We all have issues, those tiny embers of trouble whose glittering heat and glow often murmur just beyond attention. Or perhaps they are not embers but fiery comets that blast across our ken but then disappear from view as they continue their orbit. Issues. Companies have them, too—each team, department, and division, at each level and often in the spaces between.
Unattended issues affect an organization's smooth operation, its expected success, sometimes its survival. But when issues are managed adequately, they become one indicator of a smooth operation and a step toward expected success. Thus a group or organization is wise to take the strategic step of forming an Issue Management Program (IMP), a process that consistently recognizes issues and mitigates the risk they present.
An IMP is proactive, not reactive; it creates a process for noticing and responding to those glowing embers before they burst into flame. It reminds us that the comet is still streaking across the sky even when we cannot see it. The Issues Management Council defines such a program "as the process used to align organizational activities and stakeholder expectations."
Issue management, then, is not spin, is not damage control, is not a defensive delay or face-saving deflection. It's not even fire-fighting. It's more like fire prevention.
A useful IMP identifies potential or existing issues and prepares contingency plans to ensure that organizational activities align with stakeholder expectations.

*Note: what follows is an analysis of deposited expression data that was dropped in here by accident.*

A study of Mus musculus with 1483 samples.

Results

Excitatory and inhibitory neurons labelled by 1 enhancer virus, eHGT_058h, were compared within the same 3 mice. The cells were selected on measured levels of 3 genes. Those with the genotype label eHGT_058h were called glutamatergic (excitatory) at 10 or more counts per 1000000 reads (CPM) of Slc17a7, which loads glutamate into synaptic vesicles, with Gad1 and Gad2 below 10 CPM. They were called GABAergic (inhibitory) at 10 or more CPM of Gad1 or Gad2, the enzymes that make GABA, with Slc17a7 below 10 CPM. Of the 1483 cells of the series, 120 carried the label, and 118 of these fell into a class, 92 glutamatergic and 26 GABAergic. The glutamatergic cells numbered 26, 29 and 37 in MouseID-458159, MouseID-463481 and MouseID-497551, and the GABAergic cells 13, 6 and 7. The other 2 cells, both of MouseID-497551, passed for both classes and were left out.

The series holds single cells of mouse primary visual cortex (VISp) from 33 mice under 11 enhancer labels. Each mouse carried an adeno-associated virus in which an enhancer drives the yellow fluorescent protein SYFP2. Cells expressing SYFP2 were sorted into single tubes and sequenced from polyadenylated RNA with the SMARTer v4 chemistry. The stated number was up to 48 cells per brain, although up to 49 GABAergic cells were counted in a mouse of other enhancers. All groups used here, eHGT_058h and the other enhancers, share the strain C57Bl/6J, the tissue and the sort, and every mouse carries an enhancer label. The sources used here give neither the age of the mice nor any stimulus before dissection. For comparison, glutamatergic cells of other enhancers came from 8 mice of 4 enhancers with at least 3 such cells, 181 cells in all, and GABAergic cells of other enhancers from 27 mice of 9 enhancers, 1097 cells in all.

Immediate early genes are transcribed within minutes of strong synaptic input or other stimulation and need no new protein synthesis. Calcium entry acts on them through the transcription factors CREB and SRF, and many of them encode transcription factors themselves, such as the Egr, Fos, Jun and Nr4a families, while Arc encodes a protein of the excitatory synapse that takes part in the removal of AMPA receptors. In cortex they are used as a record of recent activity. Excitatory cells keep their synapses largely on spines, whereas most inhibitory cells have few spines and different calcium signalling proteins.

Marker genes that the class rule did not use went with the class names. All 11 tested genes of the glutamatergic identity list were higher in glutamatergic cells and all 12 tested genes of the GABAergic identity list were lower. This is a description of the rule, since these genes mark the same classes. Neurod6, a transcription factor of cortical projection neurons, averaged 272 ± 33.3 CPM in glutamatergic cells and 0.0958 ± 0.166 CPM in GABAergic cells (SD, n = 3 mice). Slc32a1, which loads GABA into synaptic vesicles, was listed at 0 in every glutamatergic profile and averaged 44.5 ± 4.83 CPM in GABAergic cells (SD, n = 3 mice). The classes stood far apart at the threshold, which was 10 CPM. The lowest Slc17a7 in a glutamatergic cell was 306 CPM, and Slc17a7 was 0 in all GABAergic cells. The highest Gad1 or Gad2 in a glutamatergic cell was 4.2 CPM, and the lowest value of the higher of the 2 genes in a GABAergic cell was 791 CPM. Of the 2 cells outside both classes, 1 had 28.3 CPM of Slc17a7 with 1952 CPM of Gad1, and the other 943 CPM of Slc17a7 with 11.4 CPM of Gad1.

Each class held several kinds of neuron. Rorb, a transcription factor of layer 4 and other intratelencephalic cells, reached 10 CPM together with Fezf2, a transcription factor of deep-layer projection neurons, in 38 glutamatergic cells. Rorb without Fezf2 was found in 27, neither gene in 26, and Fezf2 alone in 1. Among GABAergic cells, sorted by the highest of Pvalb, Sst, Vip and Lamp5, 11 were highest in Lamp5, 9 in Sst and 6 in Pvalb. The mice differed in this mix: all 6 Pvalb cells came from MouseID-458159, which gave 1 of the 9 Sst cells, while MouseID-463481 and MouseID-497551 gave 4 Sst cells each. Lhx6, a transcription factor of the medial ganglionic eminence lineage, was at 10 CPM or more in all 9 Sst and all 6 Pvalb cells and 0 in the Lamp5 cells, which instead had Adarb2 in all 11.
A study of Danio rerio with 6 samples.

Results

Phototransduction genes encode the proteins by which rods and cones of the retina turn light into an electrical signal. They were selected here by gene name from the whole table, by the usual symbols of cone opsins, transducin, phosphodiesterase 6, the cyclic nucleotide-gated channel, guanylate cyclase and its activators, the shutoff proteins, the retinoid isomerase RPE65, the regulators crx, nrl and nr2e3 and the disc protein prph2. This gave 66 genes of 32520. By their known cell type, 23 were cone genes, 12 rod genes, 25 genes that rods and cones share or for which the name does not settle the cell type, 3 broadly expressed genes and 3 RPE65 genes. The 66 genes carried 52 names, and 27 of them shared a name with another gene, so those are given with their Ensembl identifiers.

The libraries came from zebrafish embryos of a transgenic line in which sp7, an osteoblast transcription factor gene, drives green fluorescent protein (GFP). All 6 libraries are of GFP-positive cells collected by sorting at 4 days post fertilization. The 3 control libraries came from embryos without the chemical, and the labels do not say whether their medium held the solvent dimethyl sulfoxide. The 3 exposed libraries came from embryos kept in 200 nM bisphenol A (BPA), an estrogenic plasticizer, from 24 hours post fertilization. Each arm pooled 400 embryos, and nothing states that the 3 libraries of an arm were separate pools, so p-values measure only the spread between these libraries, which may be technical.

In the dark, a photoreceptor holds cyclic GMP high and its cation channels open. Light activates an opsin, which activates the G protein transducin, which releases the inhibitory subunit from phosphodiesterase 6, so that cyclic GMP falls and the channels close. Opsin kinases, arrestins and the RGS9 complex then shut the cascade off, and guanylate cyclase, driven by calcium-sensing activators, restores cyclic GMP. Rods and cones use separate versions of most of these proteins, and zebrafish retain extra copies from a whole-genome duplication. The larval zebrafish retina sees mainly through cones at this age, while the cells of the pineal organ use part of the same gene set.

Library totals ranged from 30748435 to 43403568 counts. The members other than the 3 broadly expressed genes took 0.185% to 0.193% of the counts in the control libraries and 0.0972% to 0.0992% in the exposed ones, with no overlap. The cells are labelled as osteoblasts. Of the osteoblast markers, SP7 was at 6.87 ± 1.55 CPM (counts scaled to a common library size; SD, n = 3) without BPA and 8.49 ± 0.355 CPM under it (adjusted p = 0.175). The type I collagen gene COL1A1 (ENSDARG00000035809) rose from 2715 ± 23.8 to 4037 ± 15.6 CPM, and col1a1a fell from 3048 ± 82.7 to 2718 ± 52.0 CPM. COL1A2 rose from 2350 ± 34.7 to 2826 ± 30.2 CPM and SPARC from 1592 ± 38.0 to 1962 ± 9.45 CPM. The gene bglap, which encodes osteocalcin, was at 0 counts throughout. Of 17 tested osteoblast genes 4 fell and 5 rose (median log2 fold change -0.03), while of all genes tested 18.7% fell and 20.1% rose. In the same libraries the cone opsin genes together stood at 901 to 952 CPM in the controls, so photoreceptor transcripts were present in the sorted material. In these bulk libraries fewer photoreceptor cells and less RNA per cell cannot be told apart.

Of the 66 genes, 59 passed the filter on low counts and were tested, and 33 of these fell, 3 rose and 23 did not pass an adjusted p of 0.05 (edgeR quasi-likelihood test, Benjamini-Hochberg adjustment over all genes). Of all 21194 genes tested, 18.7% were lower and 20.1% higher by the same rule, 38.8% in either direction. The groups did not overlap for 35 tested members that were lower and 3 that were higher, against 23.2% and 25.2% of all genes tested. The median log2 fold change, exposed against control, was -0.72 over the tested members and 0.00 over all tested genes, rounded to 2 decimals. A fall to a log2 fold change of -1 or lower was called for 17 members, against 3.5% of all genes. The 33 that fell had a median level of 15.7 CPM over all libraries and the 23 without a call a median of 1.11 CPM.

DELINEATE STAKEHOLDER GROUPS
In a very real sense, stakeholders are audience, participant, and beneficiary of an Issue Management Program. Yet stakeholders do not form a homogeneous unit, and their differences define at least some of the effects of issue recognition and resolution. Some stakeholders may be internal and others external. Some may know well the operations of an organization and its components, while others have only the vaguest of clues.
The consequence, then, is that you must also define stakeholder groups and some of their characteristics. Determine who constitutes each stakeholder group and what reactions they are likely to have to issues of certain kinds. Know the expectations they hold. Know their history with the company or group, what knowledge they already hold, what issues they may be most sensitive about. This awareness will help you once you begin planning an IMP.
While the exact details of an IMP may vary from company to company or team to team, each Program contains the elements bulleted below. But the content or plan devised for each element may also change over time; experience and assessment may well lead to revisions of the IMP. That's good. It's a living document, one that helps manage knowledge as well as issues. Expect to refine any of the six as you institute your Program:
- Definition/Description of "issue"
- Structured process
- Options for action
- Assessment of results
A separate Speak Previews® discusses each of the elements in detail. In the meantime, think about your stakeholders and their expectations. Think about embers and comets; an IMP can help ensure that the one will not build into flame and the other will burn out, its orbit ended.